Above: Despite centuries of domestication and intensive breeding in distinct varieties, the canary was regarded as ‘all one’ by the authorities in the 1990s, who mooted the introduction of a licence for every pet and exhibition canary in the land
Nearly 30 years ago, a document was drawn up suggesting that more than 2,000 avian species would require a licence, including the domesticated canary. Thankfully it got no further, as GRAHAM WELLSTEAD explains, thanks to the help of some German canary breeders and the NCA.
ROLLER canaries are not part of the normal show scene. A canary is a canary, so why not? All the different varieties of show canaries stem from the same wild canary and still carry the same scientific name source (Serinus canaria) with no domestica tacked onto the end. It may come as a surprise to many people then that in the 1990s, the all-seeing all-knowing EU decided to put out a document for discussion that included more than 2,000 bird species listed by scientific names only, with the suggestion that many were rare and that all required a licence.
The rub with this document was that few people had more than a vague idea of the scientific names of the birds they actually kept, let alone the thousands of others only known to taxonomists and ornithologists. The discussion document had the potential to become a living nightmare for birdkeepers. Although many of the continentals would ignore such a directive, we in the UK have a bureaucracy that frequently turns a single page into a book. Who knew what we could have ended up with?
David Neville, the brilliant National Council for Aviculture (NCA) administrator at the time, realised there were problems and circulated copies to his scientific committee, which included myself. I blinked at the list, trying to take it all in. Like most, I was familiar with quite a number of species but not thousands, and it was clear the list needed to be properly read and understood. One or two species stood out as I scanned through on the first reading, and it became clear as I went further that several were included because other members of the same family were indeed rare or endangered. However, to achieve exemption, the word domestica/domesticus needed to be part of the official name.
Two species jumped out of the page: common starling (Sturnus vulgaris) and house sparrow (Passer domesticus). Today, both species are considered under threat (unless you come to my garden where the house sparrow thrives), but at the time this was not the case. The starling was included and research showed that in winter we have three species resident in the British Isles: the common starling, the winter-visiting Siberian starling (S. v. poltaratskyi) and the resident Shetland starling (S. v. zetlandicus).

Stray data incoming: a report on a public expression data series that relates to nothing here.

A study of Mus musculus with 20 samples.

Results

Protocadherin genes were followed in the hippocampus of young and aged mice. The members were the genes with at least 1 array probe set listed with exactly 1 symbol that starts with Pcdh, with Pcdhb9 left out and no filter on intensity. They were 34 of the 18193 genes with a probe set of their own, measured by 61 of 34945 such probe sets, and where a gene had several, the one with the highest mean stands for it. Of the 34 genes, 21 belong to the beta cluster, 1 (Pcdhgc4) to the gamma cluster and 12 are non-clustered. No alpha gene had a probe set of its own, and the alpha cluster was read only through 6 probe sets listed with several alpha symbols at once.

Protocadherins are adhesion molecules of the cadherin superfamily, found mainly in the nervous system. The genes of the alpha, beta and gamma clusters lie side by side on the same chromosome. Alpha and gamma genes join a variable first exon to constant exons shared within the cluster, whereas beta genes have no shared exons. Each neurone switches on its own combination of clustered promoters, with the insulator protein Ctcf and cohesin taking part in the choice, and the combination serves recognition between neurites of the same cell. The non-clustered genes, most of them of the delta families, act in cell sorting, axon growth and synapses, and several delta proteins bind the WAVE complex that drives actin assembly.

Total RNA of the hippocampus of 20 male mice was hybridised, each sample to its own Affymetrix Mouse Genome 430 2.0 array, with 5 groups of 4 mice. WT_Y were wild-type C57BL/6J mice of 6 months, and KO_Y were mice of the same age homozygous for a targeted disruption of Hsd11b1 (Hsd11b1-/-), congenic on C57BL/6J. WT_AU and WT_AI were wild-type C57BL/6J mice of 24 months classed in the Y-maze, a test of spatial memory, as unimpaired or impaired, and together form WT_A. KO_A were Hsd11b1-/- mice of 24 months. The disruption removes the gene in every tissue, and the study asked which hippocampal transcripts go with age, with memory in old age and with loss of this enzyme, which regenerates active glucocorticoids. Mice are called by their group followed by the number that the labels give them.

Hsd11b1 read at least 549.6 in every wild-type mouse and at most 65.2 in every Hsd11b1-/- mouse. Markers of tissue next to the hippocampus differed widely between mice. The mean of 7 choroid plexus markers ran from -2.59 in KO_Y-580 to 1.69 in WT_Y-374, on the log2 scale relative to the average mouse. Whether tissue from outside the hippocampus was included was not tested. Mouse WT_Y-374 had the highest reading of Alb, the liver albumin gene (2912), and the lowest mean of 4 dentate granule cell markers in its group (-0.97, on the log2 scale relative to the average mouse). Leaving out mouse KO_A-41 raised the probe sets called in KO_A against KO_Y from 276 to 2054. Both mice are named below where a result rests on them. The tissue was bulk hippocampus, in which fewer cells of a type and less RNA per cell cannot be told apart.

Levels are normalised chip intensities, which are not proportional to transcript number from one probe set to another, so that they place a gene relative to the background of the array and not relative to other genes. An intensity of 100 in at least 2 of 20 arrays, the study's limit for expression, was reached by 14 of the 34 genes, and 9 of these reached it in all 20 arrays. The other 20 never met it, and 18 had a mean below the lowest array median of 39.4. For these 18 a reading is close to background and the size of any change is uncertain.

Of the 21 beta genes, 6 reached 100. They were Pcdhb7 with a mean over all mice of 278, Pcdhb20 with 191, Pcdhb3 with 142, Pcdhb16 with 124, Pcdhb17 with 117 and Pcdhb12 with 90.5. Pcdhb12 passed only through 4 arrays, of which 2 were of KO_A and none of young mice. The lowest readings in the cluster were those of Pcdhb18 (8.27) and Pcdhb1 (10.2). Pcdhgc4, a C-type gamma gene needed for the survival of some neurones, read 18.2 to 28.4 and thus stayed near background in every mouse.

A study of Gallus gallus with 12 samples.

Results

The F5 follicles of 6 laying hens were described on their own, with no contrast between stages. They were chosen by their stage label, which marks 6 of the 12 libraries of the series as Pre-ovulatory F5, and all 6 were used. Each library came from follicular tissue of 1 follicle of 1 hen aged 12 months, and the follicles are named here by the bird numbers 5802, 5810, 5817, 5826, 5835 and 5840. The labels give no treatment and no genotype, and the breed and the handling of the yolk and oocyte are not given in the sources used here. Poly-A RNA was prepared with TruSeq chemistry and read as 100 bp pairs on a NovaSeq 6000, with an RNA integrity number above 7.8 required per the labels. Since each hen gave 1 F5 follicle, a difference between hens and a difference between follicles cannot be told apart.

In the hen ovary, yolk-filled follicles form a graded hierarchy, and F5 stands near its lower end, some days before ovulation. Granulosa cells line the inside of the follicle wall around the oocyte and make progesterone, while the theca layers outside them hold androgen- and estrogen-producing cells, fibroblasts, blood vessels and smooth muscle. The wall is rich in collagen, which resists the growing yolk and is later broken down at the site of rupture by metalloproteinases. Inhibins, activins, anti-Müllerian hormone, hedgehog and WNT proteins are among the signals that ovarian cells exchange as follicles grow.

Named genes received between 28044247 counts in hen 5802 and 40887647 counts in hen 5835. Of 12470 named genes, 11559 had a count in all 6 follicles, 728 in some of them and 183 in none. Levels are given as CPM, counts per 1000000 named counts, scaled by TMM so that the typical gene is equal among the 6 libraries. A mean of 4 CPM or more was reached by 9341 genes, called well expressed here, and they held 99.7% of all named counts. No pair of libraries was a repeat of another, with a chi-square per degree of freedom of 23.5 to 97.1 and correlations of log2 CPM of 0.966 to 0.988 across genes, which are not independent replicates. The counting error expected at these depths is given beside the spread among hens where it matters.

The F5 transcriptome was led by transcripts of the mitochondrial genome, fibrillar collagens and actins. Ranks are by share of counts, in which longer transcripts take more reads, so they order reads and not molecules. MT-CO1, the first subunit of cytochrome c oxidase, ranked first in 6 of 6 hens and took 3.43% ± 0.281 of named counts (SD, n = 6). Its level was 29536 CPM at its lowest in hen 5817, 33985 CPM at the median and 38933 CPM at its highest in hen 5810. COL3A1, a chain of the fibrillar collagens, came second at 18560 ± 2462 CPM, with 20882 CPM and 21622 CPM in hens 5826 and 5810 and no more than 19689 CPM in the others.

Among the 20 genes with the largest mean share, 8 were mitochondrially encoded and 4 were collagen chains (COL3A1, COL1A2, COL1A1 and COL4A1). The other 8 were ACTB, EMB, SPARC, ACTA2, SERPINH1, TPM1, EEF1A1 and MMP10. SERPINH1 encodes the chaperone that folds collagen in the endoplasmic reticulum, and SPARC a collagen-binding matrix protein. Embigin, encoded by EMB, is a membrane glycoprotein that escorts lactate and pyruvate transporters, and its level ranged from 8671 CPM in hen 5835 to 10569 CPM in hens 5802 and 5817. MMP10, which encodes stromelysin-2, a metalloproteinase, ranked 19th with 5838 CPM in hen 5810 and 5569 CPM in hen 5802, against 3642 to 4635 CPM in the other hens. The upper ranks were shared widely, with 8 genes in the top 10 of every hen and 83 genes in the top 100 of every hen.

The startling difference between these three is a matter of millimetres in bill and wing length. Due to such a minimal variation in size, all three were required to be licenced individually should the programme go ahead.
Owing to the view that the canary was not officially domesticated, it would be included in requiring a licence. If such a tiny variation separates starlings, consider the huge variation in size, colour, and feather type alone in the canary, as we know it. Breeders would need to keep accurate records of eggs laid, chicks hatched, chicks ringed, and chicks and eggs reported as died or failed to hatch.
The licence scheme not only targeted groups of breeding birds, it also included pet birds in the house. I had visions of the elderly lady who kept her pet canary on view in a window, being marched off to the police station for failing to have a licence.
In the end, the whole scheme was shelved, lobbied by the NCA in the form of David Neville and the German canary breeders. There was also no sign of opposition from either the DOE that became DEFRA in 2001, the Ministry of Agriculture, or the veterinary bodies. This tends to suggest that had the legislation been agreed in Brussels, it would have been waived through here for sure. Secretaries of bird clubs, with an average committee of six individuals, would doubtless gasp when I tell you the EU committee that considered this numbered 600.
Graham Wellstead is a roller canary champion of long standing.